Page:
What the 8800 GT lacks in functional units, it largely makes up in clock speed. The 8800 GT's official core clock speed is 600MHz, and its 112 SPs run at 1.5GHz. The card's 512MB of GDDR3 memory runs at 900MHz—or 1.8GHz effective, thanks to the memory's doubled data rate.

MSI's NX8800GT

Here's a look at MSI's rendition of the GeForce 8800 GT. Note the distinctive MSI decal. This card is further differentiated in a way that really matters: it comes hot from the factory, with a 660MHz core clock and 950MHz memory. This sort of "overclocking" has become so common among Nvidia's board partners, it's pretty much expected at this point. MSI doesn't disappoint.

I don't want to give too much away, since we've measured noise levels on a decibel meter, but you'll be pleased to know that the 8800 GT's single-slot cooler follows in the tradition of Nvidia's coolers for its other GeForce 8800 cards. The thing is whisper-quiet.

The sight of a single-slot cooler may be your first hint that this is not the sort of video card that will put an ugly dent in your credit rating. Here's another hint at the 8800 GT's mainstream aspirations. Nvidia rates the power consumption of the 8800 GT at 110W, which makes the single-slot cooler feasible and also means the 8800 GT needs just one auxiliary PCIe power connector, of the six-pin variety, in order to do its thing.

The 8800 GT sports a single six-pin PCIe aux power connector

Another place where the 8800 GT sports only one connector is in the SLI department. That probably means the 8800 GT won't be capable of ganging up with three or four of its peers in a mega-multi-GPU config. Two-way SLI is probably the practical limit for this card.

Here's the kicker, though. 8800 GT cards are slated to become available today for between $199 and $249.

Doing the math
So that's a nice price, right? Well, like so many things in life—and I sure as heck didn't believe this in high school—it all boils down to math. If you take the 8800 GT's seven SP clusters and 112 SPs and throw them into the blender with a 1.5GHz shader clock, a 256-bit memory interface, along with various herbs and spices, this is what comes out:

fill rate
Peak texel
Peak bilinear
Peak bilinear
FP16 texel
GeForce 8800 GT 9.6 33.6 33.6 16.8 57.6 504
GeForce 8800 GTS 10.0 12.0 12.0 12.0 64.0 346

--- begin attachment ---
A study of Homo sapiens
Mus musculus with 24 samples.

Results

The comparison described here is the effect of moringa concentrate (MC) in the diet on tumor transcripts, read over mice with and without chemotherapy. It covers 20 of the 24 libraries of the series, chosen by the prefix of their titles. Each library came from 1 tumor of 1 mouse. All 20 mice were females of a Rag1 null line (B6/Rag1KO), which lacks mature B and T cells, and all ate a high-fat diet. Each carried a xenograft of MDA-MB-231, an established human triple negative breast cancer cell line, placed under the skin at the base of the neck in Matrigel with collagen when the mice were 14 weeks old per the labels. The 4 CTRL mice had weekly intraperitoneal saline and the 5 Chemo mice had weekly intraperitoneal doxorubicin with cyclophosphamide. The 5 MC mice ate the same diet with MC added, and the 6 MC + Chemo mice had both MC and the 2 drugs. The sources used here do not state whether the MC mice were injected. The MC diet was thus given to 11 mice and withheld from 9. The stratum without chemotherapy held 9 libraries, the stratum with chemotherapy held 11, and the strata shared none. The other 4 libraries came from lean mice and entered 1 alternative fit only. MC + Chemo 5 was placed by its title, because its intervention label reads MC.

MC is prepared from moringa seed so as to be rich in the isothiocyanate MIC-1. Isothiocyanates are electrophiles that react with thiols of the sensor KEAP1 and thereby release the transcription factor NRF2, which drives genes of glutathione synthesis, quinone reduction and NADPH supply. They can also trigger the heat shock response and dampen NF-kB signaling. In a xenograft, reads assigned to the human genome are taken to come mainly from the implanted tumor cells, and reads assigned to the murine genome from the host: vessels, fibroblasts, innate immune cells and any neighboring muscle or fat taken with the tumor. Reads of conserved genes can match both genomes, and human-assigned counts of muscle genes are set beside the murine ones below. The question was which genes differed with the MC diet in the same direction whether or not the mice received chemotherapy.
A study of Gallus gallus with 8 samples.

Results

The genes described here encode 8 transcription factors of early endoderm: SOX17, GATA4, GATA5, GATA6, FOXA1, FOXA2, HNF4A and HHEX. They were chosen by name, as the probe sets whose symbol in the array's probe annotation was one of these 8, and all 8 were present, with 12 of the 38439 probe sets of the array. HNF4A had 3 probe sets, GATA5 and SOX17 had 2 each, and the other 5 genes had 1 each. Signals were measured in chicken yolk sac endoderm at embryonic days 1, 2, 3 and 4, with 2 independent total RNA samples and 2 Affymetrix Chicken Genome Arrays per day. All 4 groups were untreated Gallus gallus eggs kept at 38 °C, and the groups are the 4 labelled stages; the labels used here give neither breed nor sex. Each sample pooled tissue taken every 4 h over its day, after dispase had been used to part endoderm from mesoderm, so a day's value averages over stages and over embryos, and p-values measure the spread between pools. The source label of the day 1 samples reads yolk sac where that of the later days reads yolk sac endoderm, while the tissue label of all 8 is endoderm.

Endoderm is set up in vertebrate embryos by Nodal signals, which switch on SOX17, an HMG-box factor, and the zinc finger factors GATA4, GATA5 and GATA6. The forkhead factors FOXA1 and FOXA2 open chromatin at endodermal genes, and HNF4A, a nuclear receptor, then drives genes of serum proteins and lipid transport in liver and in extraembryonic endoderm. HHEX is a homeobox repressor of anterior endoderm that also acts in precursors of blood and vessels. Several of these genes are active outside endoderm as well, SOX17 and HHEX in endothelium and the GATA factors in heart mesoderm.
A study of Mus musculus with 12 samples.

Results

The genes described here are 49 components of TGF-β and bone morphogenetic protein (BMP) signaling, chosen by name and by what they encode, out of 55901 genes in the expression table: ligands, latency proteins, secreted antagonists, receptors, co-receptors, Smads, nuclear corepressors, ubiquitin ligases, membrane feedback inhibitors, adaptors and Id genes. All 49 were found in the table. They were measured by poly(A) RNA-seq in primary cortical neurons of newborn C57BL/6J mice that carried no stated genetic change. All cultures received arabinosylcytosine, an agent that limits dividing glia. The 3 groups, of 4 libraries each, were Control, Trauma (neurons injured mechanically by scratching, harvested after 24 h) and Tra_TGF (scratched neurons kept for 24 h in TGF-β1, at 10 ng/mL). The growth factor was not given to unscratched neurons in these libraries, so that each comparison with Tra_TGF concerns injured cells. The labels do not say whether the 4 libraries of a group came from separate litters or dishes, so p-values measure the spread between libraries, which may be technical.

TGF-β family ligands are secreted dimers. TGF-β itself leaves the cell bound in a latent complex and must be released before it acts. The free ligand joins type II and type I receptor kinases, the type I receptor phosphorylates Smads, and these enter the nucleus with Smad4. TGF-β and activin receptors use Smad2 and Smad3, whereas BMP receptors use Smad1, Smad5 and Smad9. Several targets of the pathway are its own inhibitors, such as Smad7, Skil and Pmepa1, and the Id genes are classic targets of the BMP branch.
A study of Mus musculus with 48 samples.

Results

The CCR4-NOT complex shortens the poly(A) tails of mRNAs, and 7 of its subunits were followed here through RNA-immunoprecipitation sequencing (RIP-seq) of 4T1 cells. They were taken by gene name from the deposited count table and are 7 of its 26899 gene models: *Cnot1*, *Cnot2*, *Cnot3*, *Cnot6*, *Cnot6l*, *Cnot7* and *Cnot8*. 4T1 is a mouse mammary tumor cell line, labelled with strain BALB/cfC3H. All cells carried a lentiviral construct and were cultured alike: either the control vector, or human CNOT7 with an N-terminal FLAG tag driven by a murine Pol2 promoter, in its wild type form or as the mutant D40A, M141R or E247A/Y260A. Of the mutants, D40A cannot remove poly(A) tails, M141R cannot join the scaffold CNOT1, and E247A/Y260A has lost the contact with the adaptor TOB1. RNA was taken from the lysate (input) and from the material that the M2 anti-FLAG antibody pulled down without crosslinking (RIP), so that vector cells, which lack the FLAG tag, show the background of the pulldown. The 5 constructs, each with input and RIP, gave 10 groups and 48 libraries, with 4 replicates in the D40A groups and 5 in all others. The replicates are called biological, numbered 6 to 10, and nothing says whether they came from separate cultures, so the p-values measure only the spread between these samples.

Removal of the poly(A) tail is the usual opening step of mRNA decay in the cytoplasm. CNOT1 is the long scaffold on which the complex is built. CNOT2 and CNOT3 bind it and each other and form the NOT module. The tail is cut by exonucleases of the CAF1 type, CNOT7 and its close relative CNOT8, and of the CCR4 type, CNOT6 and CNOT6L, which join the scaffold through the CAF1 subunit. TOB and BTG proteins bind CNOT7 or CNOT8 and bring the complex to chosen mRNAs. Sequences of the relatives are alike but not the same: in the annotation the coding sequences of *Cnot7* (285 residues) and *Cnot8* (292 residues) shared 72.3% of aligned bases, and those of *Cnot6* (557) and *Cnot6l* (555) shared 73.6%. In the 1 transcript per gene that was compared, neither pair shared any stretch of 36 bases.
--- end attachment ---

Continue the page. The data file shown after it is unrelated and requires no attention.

GeForce 8800 GTX 13.8 18.4 18.4 18.4 86.4 518
GeForce 8800 Ultra 14.7 19.6 19.6 19.6 103.7 576
Radeon HD 2900 XT 11.9 23.8 11.9 11.9 105.6 475

In terms of texture sampling rates, texture filtering capacity, and shader arithmetic, the 8800 GT is actually superior to the 8800 GTS. It's also quicker than the Radeon HD 2900 XT in most of those categories, although our FLOPS estimate for the GeForce GPUs is potentially a little rosy—another way of counting would reduce those numbers by a third, making the Radeon look relatively stronger. Also, thanks to its higher clock speed, the 8800 GT doesn't suffer much in terms of pixel fill rate (and corresponding AA grunt) due to its smaller ROP count. The 8800 GT's most noteworthy numbers may be its texture sampling and filtering rates. Since its SPs can grab twice as many texels per clock as the G80's, its texture filtering performance with standard 8-bit integer color formats could be more than double that of the 8800 GTS.

Performance-wise in graphics, math like this isn't quite destiny, but it's close. The only place where the 8800 GT really trails the 8800 GTS or the 2900 XT is in memory bandwidth. And, believe it or not, memory bandwidth is arguably at less of a premium these days, since games produce "richer" pixels that spend more time looping through shader programs and thus occupying on-chip storage like registers and caches.

Bottom line: the 8800 GT should generally be as good as or better than the 8800 GTS, for under 250 bucks. Let's test that theory.